In the last several years, there has been a growing awareness in the medical community of gluten-related disorders.
New research shows that the ingestion of foods containing gluten can detrimentally affect a larger segment of the population than previously believed.
Gluten is a protein found in wheat and related grains causing a wide variety of mild, to very serious symptoms and damaged health in gluten sensitive individuals.
As part of their initiative to meet the dietary needs of gluten sensitive dieters, Ideal Protein has made it easier than ever to select gluten-free alternatives while on The Ideal Protein Weight Loss Method, printing easy-to-spot Gluten-Free Symbols on many (40) of their packages.
With a longer relationship with Ideal Protein than just about any other physician in the State, I believe that Ideal ProteiP is committed to producing the cleanest, most potent and flavorful protein-based products on the market, so much so that eating gluten free with their food often goes completely unnoticed.
Interestingly, many individuals discover that they are gluten sensitive by accident while participating in the medically-designed Ideal Protein Weight-Loss Method, and then go on to enjoy the health benefits of their new discovery for a lifetime.
The difference between Celiac Disease and simply, “Gluten-Sensitivity”
What is the difference between celiac disease and non-celiac gluten sensitivity?
Celiac disease is an autoimmune condition triggered by the consumption of gluten, found in wheat and related grains. A surprisingly common condition, untreated (which it usually is) celiac disease often has devastating health and quality of life consequences.
Unfortunately, individuals with celiac disease are not the only ones adversely affected by eating wheat and related grains: A much larger percentage of the population is “Gluten Sensitive.”
If you suspect that you may not tolerate wheat and related grains well, a test is to (completely) avoid them in your diet for a couple of weeks and see if you feel better. Intestinal damage begins to heal in a matter of weeks with complete removal of wheat and other gluten containing grains from the diet in celiac disease, as well as non-celiac gluten sensitive individuals.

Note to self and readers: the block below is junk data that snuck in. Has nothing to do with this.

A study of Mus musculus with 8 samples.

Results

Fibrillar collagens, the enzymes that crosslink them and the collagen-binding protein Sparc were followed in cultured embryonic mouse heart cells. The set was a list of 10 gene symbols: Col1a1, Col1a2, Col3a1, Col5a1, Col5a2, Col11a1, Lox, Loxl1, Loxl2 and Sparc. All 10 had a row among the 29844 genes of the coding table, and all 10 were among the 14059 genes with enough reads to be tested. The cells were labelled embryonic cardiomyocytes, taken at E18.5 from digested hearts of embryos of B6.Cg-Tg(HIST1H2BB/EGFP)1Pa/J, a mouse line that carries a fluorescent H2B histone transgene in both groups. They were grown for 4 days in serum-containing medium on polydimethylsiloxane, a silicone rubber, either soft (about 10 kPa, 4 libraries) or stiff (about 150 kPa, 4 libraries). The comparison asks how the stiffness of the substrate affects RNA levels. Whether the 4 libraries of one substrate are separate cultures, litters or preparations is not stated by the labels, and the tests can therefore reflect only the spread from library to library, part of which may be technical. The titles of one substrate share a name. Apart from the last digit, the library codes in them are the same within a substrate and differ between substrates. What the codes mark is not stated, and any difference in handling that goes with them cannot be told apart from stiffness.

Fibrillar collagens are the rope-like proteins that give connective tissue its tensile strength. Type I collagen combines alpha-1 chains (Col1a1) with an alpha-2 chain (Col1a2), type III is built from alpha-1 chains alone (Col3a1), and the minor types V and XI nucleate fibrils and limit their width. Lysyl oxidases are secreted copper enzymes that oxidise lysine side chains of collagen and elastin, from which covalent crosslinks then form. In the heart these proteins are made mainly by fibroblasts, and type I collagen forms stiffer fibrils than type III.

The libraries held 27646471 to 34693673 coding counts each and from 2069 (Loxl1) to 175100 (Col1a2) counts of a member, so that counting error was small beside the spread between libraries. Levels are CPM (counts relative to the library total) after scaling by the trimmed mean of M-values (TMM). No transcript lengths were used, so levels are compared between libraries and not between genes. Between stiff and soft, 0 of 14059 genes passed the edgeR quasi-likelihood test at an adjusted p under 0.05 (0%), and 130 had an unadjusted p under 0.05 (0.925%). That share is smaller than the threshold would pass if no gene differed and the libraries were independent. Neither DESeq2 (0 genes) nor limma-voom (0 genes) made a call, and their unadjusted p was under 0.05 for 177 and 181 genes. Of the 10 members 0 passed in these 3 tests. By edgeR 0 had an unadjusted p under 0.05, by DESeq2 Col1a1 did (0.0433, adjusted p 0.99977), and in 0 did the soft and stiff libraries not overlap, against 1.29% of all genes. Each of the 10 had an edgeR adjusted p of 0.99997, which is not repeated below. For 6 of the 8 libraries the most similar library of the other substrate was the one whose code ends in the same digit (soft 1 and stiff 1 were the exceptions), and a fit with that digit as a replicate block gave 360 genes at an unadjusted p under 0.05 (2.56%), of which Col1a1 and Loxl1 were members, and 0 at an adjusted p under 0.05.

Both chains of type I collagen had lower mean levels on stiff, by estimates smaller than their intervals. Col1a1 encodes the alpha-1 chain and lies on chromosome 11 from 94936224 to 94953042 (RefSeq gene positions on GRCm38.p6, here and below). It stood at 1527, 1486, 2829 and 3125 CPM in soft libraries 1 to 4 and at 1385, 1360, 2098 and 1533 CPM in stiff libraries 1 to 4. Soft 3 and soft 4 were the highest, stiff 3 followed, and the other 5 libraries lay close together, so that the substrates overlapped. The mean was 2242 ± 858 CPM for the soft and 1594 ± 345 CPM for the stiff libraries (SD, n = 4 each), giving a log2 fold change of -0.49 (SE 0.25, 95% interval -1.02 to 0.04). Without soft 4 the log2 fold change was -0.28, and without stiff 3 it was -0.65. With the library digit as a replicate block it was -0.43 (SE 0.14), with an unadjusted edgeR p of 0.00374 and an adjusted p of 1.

- Celiac disease is an autoimmune disease of the small intestine, which damages the small intestine. It occurs in people of all ages.
- Regular consumption of even minute amounts of gluten (1 communion wafer) will harm the health of people with celiac disease.
- Deficiencies of iron, folic acid, B12, vitamin K, selenium, copper, zinc, calcium, and vitamin D may occur in people with celiac disease due to inability of the small intestine to absorb nutrients.
- It is believed that as many as 1 in 40 to 1 in 300 people, depending upon the region of the world, have celiac disease.
- Diagnosis involves a blood antibody test followed by small intestine biopsy (fiber-optic endoscopy) confirmation.
- An estimated 1% of the US population has celiac disease and 6% (18 million) have non-celiac gluten sensitivity.
- Most Americans who have celiac disease (an estimated 83%) don’t know it. Undiagnosed or misdiagnosed by unaware clinicians, on average it takes 6 to 10 years to be correctly diagnosed. Complicating matters is that in many cases, expected gastrointestinal symptoms are not noticed.
- Individuals with autoimmune thyroid disease suffer a much higher prevalence of celiac disease.
- As of 2015 the only known effective treatment is a lifelong 100% gluten-free diet; no pharmaceutical cures exist.
- In 2012, restaurants in the US served more than 200 million gluten-free meals.
- Increasingly, celiac disease is being diagnosed in people without classic digestive system symptoms.
- Historically, it is unlikely that celiac disease even existed prior to the practice of human grain cultivation (9500 BCE). And interestingly, at one time celiac disease was naively treated with ‘the banana diet’. It wasn’t until 1952, a few years following a Dutch famine rendering wheat unavailable (and many people healthier) that the cause of the disorder was discovered.
Tips and Tricks for Celiac or Gluten Sensitive People 
- Purchase gluten-free cookbooks for recipe ideas.
- If you are planning to dine out, call ahead and ask if the restaurant has a gluten-free menu.
- Learn how to effectively read food labels to identify items that may contain gluten.
- Don’t forget to check personal-care and medications/supplements as some products (make up, shampoo, toothpaste, vitamins, etc.) could contain gluten.
- If you are starting a gluten-free diet, keep a food journal to keep track of foods you are ingesting and how they affect you.
- Listen and trust your body. It will give you signs and tips on different foods that can be irritants.
- Visit LowFatLowCarb for gluten-free recipes. Note: This is a proprietary site for our clients.